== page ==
Sulfur Dioxide (SO2) and Health

This page last reviewed January 24, 2018

What is Sulfur Dioxide (SO2)?

Sulfur dioxide (SO2) is comprised of one atom of sulfur and two atoms of oxygen, and is a gas at ambient temperatures. It has a pungent, irritating odor. SO2 is a member of a family of chemicals comprised of sulfur and oxygen that are collectively known as sulfur oxides (SOX).

Where Does Sulfur Dioxide Come From?

SOX, including SO2, are emitted when sulfur-containing fuel is burned. Some examples of sources include motor vehicles, locomotives, ships, and off-road diesel equipment that are operated with fuels that contain high levels of sulfur. In addition, SO2 and the other SOX are emitted from some industrial processes, such as natural gas and petroleum extraction, oil refining, and metal processing. They are also released during volcanic activity and from geothermal fields.

Why Do ARB and U.S. EPA Focus on Sulfur Dioxide as a Marker for Sulfur Oxides?

SO2 is the most prevalent species of gaseous SOX in the atmosphere, with other species not present at concentrations relevant for human exposures. Because of this, most health studies have focused on SO2. Many human and animal exposure studies, as well as epidemiological studies, have reported adverse health effects specifically attributable to SO2 exposure. For this reason SO2 is used as the indicator for the group of gaseous SOX. However, it should be noted that emissions of the SOX family of air pollutants are involved in a number of chemical reactions in the atmosphere where they are transformed into acids and particulate sulfates, and these pollutants can also contribute to adverse human health and environmental effects. Because the various SOX species arise from the same sources, control measures that focus on SO2 also reduce emissions of the other SOX species.

It should be noted that the California ambient air quality standard is specifically for SO2 while the national ambient air quality standard is for SOX as a group, with SO2 the marker for determining attainment. In both cases, however, the intent is to control SOX emissions as a group.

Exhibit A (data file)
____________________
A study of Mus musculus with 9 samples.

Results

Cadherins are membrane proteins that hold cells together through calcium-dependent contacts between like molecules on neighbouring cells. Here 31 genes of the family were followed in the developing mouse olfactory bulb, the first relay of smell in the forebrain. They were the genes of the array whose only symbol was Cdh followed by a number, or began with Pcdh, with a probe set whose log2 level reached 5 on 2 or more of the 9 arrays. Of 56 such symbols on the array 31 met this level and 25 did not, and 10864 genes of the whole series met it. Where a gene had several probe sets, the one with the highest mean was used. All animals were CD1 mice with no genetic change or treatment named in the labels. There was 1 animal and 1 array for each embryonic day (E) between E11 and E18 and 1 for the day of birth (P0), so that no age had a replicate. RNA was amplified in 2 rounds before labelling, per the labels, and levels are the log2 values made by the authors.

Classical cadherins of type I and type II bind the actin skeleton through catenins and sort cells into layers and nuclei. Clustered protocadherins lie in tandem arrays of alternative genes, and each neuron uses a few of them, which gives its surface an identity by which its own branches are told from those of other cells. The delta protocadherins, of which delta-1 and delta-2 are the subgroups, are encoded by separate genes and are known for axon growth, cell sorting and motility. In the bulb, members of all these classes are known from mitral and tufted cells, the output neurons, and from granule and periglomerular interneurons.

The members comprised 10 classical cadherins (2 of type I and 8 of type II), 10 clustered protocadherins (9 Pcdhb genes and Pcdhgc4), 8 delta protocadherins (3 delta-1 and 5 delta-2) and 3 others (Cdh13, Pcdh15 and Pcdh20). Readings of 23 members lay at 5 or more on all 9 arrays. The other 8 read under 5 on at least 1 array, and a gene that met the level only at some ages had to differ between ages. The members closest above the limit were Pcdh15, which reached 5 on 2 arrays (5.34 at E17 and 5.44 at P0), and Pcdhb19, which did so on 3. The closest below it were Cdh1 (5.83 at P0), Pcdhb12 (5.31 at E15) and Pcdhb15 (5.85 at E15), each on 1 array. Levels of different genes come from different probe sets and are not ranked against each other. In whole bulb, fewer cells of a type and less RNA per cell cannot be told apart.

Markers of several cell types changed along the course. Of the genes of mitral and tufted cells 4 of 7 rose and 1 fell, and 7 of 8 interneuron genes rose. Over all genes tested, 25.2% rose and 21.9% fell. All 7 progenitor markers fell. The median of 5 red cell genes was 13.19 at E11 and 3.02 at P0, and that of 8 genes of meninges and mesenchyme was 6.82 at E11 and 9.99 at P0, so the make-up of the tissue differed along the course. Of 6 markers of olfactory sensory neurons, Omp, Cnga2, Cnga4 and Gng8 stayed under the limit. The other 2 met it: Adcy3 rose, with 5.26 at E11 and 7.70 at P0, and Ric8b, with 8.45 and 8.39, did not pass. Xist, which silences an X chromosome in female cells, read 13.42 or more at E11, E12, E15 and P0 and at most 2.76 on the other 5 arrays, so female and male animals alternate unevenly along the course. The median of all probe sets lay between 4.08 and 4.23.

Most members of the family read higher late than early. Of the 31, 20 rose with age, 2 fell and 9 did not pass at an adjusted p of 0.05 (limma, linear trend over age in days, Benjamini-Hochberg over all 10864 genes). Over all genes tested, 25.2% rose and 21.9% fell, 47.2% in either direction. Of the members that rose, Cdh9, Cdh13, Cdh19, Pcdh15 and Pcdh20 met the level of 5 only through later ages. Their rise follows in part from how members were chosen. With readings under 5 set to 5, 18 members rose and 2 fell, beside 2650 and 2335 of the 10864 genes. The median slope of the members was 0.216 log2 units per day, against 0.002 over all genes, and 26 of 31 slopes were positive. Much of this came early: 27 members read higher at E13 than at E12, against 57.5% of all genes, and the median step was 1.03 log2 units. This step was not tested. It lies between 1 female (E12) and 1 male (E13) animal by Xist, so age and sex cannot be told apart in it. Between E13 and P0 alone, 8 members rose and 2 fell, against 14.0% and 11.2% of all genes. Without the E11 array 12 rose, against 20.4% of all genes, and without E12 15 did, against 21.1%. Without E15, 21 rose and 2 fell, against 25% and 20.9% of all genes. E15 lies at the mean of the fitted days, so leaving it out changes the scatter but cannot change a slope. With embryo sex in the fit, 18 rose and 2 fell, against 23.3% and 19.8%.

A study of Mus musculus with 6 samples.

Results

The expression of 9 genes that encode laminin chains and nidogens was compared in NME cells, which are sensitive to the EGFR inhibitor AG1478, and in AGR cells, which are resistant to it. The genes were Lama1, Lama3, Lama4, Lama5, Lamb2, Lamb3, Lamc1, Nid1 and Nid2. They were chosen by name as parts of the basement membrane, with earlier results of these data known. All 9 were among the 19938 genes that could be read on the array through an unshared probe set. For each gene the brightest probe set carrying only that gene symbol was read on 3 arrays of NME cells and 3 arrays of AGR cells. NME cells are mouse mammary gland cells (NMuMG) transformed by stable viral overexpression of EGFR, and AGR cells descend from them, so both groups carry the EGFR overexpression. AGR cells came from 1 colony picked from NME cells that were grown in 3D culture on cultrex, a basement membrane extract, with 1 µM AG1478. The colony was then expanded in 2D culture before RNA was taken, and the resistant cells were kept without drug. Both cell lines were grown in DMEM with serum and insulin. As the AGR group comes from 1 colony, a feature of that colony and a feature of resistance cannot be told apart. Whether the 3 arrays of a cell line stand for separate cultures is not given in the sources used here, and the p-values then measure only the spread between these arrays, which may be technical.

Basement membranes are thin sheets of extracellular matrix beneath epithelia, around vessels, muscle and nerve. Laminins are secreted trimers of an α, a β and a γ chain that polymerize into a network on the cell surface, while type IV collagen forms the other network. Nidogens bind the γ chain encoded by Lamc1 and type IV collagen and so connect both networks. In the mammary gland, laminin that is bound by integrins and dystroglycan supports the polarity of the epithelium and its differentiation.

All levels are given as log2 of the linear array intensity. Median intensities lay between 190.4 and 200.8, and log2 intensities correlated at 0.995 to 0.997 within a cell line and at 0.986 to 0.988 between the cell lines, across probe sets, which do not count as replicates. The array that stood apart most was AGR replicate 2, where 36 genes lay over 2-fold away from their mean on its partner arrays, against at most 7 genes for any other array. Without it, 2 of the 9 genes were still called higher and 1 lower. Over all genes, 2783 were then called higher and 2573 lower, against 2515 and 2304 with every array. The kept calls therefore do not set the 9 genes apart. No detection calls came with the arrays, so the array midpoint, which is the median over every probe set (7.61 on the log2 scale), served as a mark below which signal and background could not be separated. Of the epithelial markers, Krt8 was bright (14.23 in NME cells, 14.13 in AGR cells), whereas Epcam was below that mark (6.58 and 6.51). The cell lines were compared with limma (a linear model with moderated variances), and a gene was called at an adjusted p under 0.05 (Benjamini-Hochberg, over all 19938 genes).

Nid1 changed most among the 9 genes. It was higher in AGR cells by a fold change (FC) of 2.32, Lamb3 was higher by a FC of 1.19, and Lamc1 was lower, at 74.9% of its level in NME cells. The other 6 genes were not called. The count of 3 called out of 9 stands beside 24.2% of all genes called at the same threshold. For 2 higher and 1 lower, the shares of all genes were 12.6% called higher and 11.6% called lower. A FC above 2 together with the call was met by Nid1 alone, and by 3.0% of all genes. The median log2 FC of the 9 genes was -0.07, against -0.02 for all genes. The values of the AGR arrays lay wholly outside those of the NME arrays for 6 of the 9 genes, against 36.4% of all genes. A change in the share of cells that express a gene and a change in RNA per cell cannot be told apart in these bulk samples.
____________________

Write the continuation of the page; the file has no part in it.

What Kinds of Harmful Effects Can Sulfur Dioxide Cause?

Controlled human exposure and epidemiological studies show that children and adults with asthma are more likely to experience adverse responses with SO2 exposure, compared with the non-asthmatic population. Effects at levels near the one-hour standard are those of asthma exacerbation, including bronchoconstriction accompanied by symptoms of respiratory irritation such as wheezing, shortness of breath and chest tightness, especially during exercise or physical activity. Also, exposure at elevated levels of SO2 (above 1 ppm) results in increased incidence of pulmonary symptoms and disease, decreased pulmonary function, and increased risk of mortality.  The elderly and people with cardiovascular disease or chronic lung disease (such as bronchitis or emphysema) are most likely to experience these adverse effects.

How Does Sulfur Dioxide Affect the Environment?

SO2 deposition, along with that of other SOX, species, contributes to soil and surface water acidification and acid rain. This acidification causes a variety of effects that harm susceptible aquatic and terrestrial ecosystems, including slower growth and injury to forests and localized extinction of fish and other aquatic species. SO2 deposition also promotes chemical reactions that facilitate the accumulation of mercury in water and soil. This can lead to elevated mercury levels in food, which in turn increases risk of adverse health effects in human populations due to mercury ingestion.

Is Sulfur Dioxide a Problem Indoors?

The level of SO2 indoors is largely driven by outdoor concentrations, and is typically lower that outdoors levels. The only known significant indoor source of SO2 in the U.S. is unvented kerosene heaters, although this is not a common means of indoor heating in most of the country.

What Are the Ambient Air Quality Standards for Sulfur Dioxide?

1-Hour Average 24-Hour Average Annual Average
National Ambient
Air Quality Standard

(SOX with SO2 as the marker)
0.075 ppm 0.14 ppm 0.030 ppm
California Ambient
Air Quality Standard

0.25 ppm 0.04 ppm --


For more information contact ARB’s Public Information Office at (800) 242-4450.